In the wake of the furore caused over Chief Justice of India SA Bobde’s recent comments on marital rape, the Bar Council of India has come out in strong defence of the Supreme Court judges.
In a statement released on Thursday, 4 March, the Bar Council criticised “a handful of politicians” and “so-called social activists” for casting personal aspersions on the Supreme Court judges.
It further added that immediate steps need to be taken to stop the practice of “malicious media attack”.
On 1 March, the Chief Justice had asked a government employee if he would marry the woman who had accused him of repeatedly raping her. On the same day, while hearing a sexual assault case, he had said:
“When two people are living as husband and wife, however brutal the husband is, can the act of sexual intercourse between them be called rape?”
However, the Bar Council’s own justification in defending the Chief Justice’s remarks is factually incorrect, with a misplaced understanding of the law.
Valorising the Judges, Disregarding Critical Voices
In its statement, the Bar Council advocates complete impunity to the judges for their comments. At the same time, it berates the media for doing its job.
It claims that there is “hue and cry” over remarks made by judges, which don’t even result in orders, indicating that the public can’t hold judicial officers accountable for their public remarks and behaviour. The statement notes:
“Why any comment (which is not part of the judicial order or judgment) should be allowed to be made the subject for attacking the judges/institutions without any basis? Comments made by the judges, not resulting in the orders, have no legal sanctity, why then to raise such a hue and cry and such comments?”
However, even if those actual words don’t make their way to the actual judicial order, such comments made by the senior-most judge of the country hold the potential of validating those who perpetuate similar views in society.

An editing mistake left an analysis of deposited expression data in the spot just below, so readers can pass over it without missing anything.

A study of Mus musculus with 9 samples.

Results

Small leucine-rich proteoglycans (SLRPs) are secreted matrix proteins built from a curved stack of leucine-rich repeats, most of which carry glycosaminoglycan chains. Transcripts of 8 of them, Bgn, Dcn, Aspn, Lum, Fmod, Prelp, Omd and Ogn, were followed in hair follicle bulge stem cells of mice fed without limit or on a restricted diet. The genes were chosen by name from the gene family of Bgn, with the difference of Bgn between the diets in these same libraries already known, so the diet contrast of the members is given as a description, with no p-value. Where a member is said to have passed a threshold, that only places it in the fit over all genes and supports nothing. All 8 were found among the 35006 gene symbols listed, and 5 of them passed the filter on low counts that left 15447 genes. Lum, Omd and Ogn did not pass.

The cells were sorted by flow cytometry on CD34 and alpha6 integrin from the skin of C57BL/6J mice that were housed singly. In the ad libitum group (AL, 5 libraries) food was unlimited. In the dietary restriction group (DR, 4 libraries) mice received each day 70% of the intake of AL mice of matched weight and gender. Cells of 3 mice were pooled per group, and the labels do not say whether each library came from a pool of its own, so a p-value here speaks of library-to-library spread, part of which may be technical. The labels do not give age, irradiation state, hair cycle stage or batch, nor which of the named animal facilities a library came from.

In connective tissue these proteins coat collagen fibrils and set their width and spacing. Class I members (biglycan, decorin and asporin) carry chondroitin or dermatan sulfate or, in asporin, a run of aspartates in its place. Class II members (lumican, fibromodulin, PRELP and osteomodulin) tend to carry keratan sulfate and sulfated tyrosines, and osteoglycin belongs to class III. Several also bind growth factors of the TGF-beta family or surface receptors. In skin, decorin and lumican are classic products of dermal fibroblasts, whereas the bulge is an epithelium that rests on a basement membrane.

Also, the Bar Council makes an overarching assumption that the remarks made by the judges do not reflect in their orders. But, judicial reasoning is not immune to the personal sensibilities of the judges, and the latter often makes an appearance in judicial orders as well.
Another assumption that runs deep in the Bar Council’s statement is that the comments made in criticism of judges are “without any basis.”
This shows a complete disregard of the narratives and reasons of those who have taken the courage to speak up against their perceived sense of injustice in times when law students are moving contempt of court petitions against tweets and caricatures.
Fact Check: Bar Council’s Incorrect Understanding of Age of Consent
The Bar Council has gone to great lengths to prove the Chief Justice’s comments aren’t derogatory. The statement notes:
“The occurrence of the alleged sexual assault is of 2014. Both the alleged victim and alleged accused were of the same age group. The girl was 16 years old and was not a minor as per the existing law (under section 376 of IPC) at that time. She was very much able to give consent, which she gave, and they established sexual relationship. It continued for around 2 years and subsequently an agreement for marriage was signed between the parents of both the parties.”
The said statement is factually incorrect as it mentions the legal age of consent at the time of the alleged incident of sexual assault to be 16. The incident took place in 2014, two years after the passing of the Protection of Children From Sexual Offences (POCSO) Act, which clearly states that any person below the age of 18 can’t give valid consent for sexual intercourse.
In addition to this, the provision of rape under the Indian Penal Code (Section 375) was amended in 2013 to state that a girl below the age of 18 is legally incapable of giving valid consent for sexual intercourse. This amended provision came into force a year before the alleged incident referred to by the Bar Council took place.
Alienating Woman From Her Own Consent
The Bar Council’s narration of the alleged incident of sexual assault not only suffers from legal fallacy, but also commits the wrong of unilaterally assuming that the alleged victim had consented to the sexual act.
That takes the agency away from the woman, violating her procedural rights, the law on rape, and her fundamental right to fair trial.
Advocate Radhika Roy claims that the Bar Council’s narration of the incident passes the value judgment while missing out on key facts. She says:
The survivor alleges being repeatedly sexually exploited by the accused, which is something the Bombay High Court also acknowledged in its order cancelling his anticipatory bail. Further, the promise of marriage allegedly only came up after the survivor was stalked, raped, threatened with acid, attempted suicide, and was on the verge of filing an FIR against the accused.
Roy further questions the Bar Council on what basis it has “confidently concluded without a trial” that the survivor had given consent to the accused when she has categorically denied the same at every juncture. She believes that it’s an “atrocious statement” and “must be withdrawn at its earliest with an unconditional apology”.